Hanging out with spiderman
Spot the huge ape in the background
We've made it to Gatlinburg, Tennessee, for Keith's National Marine Education Association conference. We're sharing a room with Bob, who Keith knows from past conferences, but Tessa and I get to meet him when he kindly drags himself out of bed on our arrival after midnight. We all fall into our beds, looking forward to moving into conference mode and checking out Gatlinburg the next day.
Well we're into full culture shock now after Central America. Gatlinburg is the gateway to the Great Smoky Mountains National Park, the most visited National Park in the States. This is touristville for Americans and they certainly go all out to entertain. The town is bursting with all sorts of family entertainment options, there's a huge (2 storey) replica of the gorilla from King Kong, famous cars from films and TV shows, an upside down house, a huge titanic replica, steakhouses, bars and thousands of shops selling everything from candy and icecream to 'My Dad went to Gatlinburg and all he bought me was this lousy t-shirt' t-shirts. It's so in your face that Tessa hardly brings out her camera!
As well as conference presentations and workshops for Keith to attend, Tessa and
I get to go to all sorts of evening conference entertainment too. We go moonshine tasting, try our hand at Skeet Ball and do karaoke at Craw Daddy's bar. Karaoke here is not like at home - seems that everyone here can sing country like a professional, no matter what you might expect from appearances. Dusty Dickey from our crew adds to the entertainment by dancing along with the singers as only he can do.
We go to Ober Gatlinburg, an amusement park that is a ski resort in the winter. Access up the hill is by aerial tramway (large gondola) and we take the chair lifts further up for great views back down to the town. The alpine slide (like a luge) proves to be great fun, but Tessa and I realise we need to eat a few more steaks to get enough momentum to beat the guys. The Gatlinburg aquarium is fantastic, with a great shark lagoon viewed from a moving walkway. There are huge sawfish, guitarfish, sharks, and rays and we see heaps of other creatures like enormous spider crabs, nautili (I think thats more than one nautilus), jellies, cute cuttlefish and weedy sea dragons. Its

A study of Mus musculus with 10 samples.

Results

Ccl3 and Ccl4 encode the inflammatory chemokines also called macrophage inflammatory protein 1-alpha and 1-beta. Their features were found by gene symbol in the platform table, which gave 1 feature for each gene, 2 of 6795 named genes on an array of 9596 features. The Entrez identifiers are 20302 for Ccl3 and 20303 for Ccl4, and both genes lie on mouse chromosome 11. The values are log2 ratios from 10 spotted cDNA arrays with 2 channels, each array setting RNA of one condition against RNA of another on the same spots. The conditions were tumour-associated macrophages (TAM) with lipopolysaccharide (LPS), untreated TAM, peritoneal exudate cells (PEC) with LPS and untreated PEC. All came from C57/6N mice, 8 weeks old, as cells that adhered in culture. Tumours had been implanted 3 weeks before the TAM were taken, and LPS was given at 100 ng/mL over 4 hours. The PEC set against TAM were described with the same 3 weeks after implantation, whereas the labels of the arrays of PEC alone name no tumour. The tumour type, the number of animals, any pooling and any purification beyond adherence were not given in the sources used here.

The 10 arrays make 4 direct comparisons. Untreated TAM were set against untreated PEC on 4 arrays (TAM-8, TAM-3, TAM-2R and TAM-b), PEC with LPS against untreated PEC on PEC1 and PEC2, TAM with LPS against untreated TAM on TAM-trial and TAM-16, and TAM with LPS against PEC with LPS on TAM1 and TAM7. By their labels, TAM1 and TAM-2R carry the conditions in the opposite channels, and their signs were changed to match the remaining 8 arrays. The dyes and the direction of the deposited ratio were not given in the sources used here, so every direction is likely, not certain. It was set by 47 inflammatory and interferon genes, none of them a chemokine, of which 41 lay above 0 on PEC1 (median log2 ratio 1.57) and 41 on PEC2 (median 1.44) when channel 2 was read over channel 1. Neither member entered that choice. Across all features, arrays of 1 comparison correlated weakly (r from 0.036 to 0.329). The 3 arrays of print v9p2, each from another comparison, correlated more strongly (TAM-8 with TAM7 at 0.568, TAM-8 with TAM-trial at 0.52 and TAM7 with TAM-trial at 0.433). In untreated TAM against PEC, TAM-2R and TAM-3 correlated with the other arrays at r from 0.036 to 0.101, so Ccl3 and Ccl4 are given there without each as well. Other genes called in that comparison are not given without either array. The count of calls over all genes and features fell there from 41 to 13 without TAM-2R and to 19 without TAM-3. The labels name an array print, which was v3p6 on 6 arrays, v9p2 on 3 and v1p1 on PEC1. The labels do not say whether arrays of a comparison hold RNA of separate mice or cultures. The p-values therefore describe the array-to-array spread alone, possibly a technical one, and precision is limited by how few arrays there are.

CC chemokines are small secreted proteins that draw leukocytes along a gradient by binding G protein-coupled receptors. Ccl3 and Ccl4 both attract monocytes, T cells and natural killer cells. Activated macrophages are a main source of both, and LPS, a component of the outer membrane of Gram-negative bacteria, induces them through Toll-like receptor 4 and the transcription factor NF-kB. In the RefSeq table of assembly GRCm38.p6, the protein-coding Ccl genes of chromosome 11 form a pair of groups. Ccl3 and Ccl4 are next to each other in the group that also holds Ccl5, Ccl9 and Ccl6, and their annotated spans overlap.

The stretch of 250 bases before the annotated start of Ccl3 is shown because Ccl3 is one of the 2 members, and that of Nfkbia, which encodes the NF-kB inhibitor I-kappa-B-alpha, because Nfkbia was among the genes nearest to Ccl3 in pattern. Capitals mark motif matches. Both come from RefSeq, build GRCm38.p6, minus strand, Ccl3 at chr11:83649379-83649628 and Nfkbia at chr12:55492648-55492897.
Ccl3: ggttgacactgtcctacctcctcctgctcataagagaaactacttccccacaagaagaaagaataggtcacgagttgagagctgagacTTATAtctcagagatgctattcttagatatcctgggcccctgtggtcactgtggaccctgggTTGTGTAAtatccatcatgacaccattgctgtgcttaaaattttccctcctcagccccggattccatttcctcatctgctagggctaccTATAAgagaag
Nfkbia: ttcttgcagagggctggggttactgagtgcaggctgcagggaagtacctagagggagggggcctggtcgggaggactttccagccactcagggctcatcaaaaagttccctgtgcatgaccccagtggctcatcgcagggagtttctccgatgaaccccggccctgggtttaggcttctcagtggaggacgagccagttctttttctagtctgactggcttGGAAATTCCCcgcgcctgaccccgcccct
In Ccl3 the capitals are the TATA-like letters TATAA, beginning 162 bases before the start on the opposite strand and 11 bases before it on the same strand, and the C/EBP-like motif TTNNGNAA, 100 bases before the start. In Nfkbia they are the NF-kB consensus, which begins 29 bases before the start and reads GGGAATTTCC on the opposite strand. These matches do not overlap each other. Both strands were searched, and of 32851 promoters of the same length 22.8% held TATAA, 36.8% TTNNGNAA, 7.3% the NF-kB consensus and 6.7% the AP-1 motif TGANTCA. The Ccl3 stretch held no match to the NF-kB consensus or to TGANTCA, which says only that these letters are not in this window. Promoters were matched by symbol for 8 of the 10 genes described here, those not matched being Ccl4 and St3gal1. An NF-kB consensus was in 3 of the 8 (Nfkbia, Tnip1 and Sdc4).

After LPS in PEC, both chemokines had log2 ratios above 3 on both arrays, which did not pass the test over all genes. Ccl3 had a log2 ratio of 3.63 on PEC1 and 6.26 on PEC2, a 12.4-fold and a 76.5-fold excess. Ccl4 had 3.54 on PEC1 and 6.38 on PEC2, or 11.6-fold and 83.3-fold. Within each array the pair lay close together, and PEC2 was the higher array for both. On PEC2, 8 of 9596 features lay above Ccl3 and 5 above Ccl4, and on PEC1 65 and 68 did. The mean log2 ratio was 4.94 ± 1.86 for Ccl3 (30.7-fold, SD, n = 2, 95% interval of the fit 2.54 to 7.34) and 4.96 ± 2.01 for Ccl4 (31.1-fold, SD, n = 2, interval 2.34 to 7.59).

a magic place, really well designed and informative.
Back at the serious part of the conference, Keith's presentation goes well with good feedback, so thats his hard work over. There are lots of other informative presentations and workshops and interesting people to meet. Most of the attendees are marine science educators from the States, but there's a growing international contingent as well.
We see some great Southern bands at the conference entertainment, including blue grass from Jim Whaley and Greenbrier at the Tennessee Hoedown at Dumplin Valley. We also play 'hillbilly golf', involving tossing two golf balls joined by rope towards a short ladder. Pretty wild at times with lots of people wandering around and some slightly out of control throws.
We've been eating ourselves silly on the type of food that our systems have forgotten in the last few months. No rice and beans to be seen, its all rich and fried and huge portions of meat with sweet rich desserts. One day we attempt to find a normal sandwich, and end up wandering the streets for what seems like hours, still with only options of steaks, burgers, pizza, fries and icecream.
The entertainment reaches
The Gatlinburg Aquarium
Keith with a huge sawfish
new heights at the end of the week when we go to 'Dolly Parton's Dixie Stampede'. Its a mind boggling experience, with 1000 people in the audience, each receiving a plastic boot souvenir Dixie Stampede cup on arrival (thats a lot of plastic). There's blue grass music to begin with and then a show based on the historic rivalry between North and South with lights, music, cowgirls, stars and stripes outfits, wagons, trick horse riding and even psychedelic native American Indians. While all this is happening our confederate waiter is serving us what seems like an endless supply of good ol' Southern food, topped off by the whole chicken that is dumped onto each of our plates, when we're already quite full. We do our best to get through some of it, thinking of those thousand chickens, but we're feeling a little sick at the thought of the enormous amount of food that will be wasted for the sake of this entertainment. After the show is over we're herded out, through the gift and souvenir shop of course, and its back onto the bus. Everyone's looking pretty stunned!
Central America seems like a distant memory from another planet.